Panchatantra Stories: The Separation of Friends


Stories from Mitrabedha (The Separation of Friends)

Panchatantra is a collection of a number of short stories which were originally written in Sanskrit but translators and writers have revisited them time and again to make it more accessible to people through the ages. They are believed to be written in Sanskrit by scholar Vishnu Sharma.”

The scholar decided to use storytelling as a means to instill moral values and ethics in young sons of the kings. He wrote almost 50 stories and divided them into five volumes, and hence the name Panchatantra, ‘pancha’ means five and ‘tantra’ means systems. The stories from the Mitrabheda (the Separation of Friends) can be used to teach the kids how one can lose friends.

Read Also: Panchatantra stories that you should acquaint your child with

Panchatantra Stories: The Crows and The Cobra

Once upon a time, one crow couple lived on a big banyan tree in a forest near a kingdom. In the same tree, a cobra had made his burrow. When the nest was unguarded, the ate the crows’ eggs. This happened whenever the crows left the nest in search of food. The crows went to his friend jackal for advice. The crows decided to follow the jackal’s advice and as per the advice, one of the crows went to the royal kingdom and stole the necklace belonging to the princess which was very precious. The guards followed the crow as he flew slowly to the banyan tree.

Read Also: The Crow and The Cobra | Panchatantra

The crow then dropped the necklace in the cobra’s burrow. On finding the necklace kept in the cobra’s burrow, the guards quickly killed the cobra and took back the necklace. The crows lived happily thereafter.

Moral of the Story

One should not give up. Even the most powerful enemies can be defeated with the use of wit.

Panchatantra Stories: The Lion and The Camel

Once upon a time, there lived a lion in the jungle. He lived with his three assistants- – a crow, a jackal and a leopard. Due to their proximity to the king of the jungle, the assistants had several advantages and never had to look for food. They saw a camel come into the jungle one day. They wondered what was the camel doing in the jungle rather than being in the desert. On enquiring with the camel, they learnt that the camel had lost his way. The lion gave a shelter to the camel and promised to protect him.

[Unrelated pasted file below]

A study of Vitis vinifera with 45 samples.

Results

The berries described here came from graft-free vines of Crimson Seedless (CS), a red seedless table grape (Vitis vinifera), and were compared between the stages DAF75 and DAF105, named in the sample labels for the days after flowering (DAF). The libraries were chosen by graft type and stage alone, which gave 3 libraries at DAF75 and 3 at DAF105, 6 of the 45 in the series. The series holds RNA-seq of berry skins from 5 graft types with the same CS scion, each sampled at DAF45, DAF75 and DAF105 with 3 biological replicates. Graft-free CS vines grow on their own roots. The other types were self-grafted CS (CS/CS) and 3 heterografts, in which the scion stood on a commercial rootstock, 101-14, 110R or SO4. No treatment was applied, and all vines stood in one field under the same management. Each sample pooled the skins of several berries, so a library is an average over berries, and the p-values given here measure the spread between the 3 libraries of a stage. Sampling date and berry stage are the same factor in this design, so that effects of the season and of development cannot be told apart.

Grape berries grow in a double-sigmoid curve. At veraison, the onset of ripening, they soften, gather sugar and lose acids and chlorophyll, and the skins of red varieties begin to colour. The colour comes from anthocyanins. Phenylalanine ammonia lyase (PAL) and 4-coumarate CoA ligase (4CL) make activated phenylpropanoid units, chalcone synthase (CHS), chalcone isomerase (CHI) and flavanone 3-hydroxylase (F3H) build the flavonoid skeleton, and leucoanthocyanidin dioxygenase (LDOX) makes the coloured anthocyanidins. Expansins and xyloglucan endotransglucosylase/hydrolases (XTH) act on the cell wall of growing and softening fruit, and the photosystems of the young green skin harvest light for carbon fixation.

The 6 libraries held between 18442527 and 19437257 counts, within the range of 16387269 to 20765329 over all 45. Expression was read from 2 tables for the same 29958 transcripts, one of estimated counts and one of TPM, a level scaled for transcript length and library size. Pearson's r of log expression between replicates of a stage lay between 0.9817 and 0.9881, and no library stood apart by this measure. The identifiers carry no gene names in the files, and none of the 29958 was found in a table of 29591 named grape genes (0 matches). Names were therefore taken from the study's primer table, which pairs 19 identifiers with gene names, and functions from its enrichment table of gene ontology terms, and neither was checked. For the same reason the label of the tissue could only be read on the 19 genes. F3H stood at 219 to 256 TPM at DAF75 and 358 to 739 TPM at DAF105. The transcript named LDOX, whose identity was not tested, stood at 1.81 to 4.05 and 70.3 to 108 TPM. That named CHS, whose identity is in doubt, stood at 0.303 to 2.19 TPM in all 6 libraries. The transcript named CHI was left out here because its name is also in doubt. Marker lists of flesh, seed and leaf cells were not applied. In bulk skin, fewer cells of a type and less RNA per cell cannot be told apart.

Read Also: Stories From Panchatantra: Four Friends and A Hunter

After a few days passed, there came a day when the lion was injured in a battle. Unable to kill a prey, the lion became weak and so did his assistants. The assistants tried convincing the king of the jungle to kill the camel for food. The lion refused because he did not want to kill an animal under his shelter. The assistants finally managed to convince the lion by hatching a plan. They ensured the camel that they would convince the camel to offer himself as food to its protector. According to the plan, the crow, the jackal and the leopard offered themselves as food to the lion one by one. They said it was their duty to serve their king. The lion did not kill any of his assistants. Seeing this, the camel also offered himself as food to the king and was immediately killed by the lion.

Moral of the Story

Beware of cunning people who usually surround powerful people for their own benefit.

 

Read Also: 10 Best Short Moral Stories for Kids | Inspirational Stories for Children

Panchatantra Stories: The Jackal and The Drum

Once upon a time, there lived a hungry jackal in the forest. The jackal wandered into a deserted battlefield in search of food. A battle had been fought recently in the battlefield. As the wind blew, the branches of the tree got rubbed against the drum. It made a loud noise. The battlefield had nothing but a drum. The jackal got scared hearing the loud noise and decided to hide. While he was running away, he had a second thought and he decided to look for the source of the noise. The jackal realized that the wind was causing the noise as soon as he saw the drum. He realized that it was harmless. The jackal again began his search for food near the drum. He found sufficient food and water nearby.

Read Also: The Hermit and The Mouse | Panchatantra Stories

Moral of the Story

One should not react blindly with the fear of unknown. Only the brave succeed in life.

Beautifully illustrated, ‘Vishnu Sharma’s Complete Illustrated Panchatantra’ will be the ideal addition to a child’s library.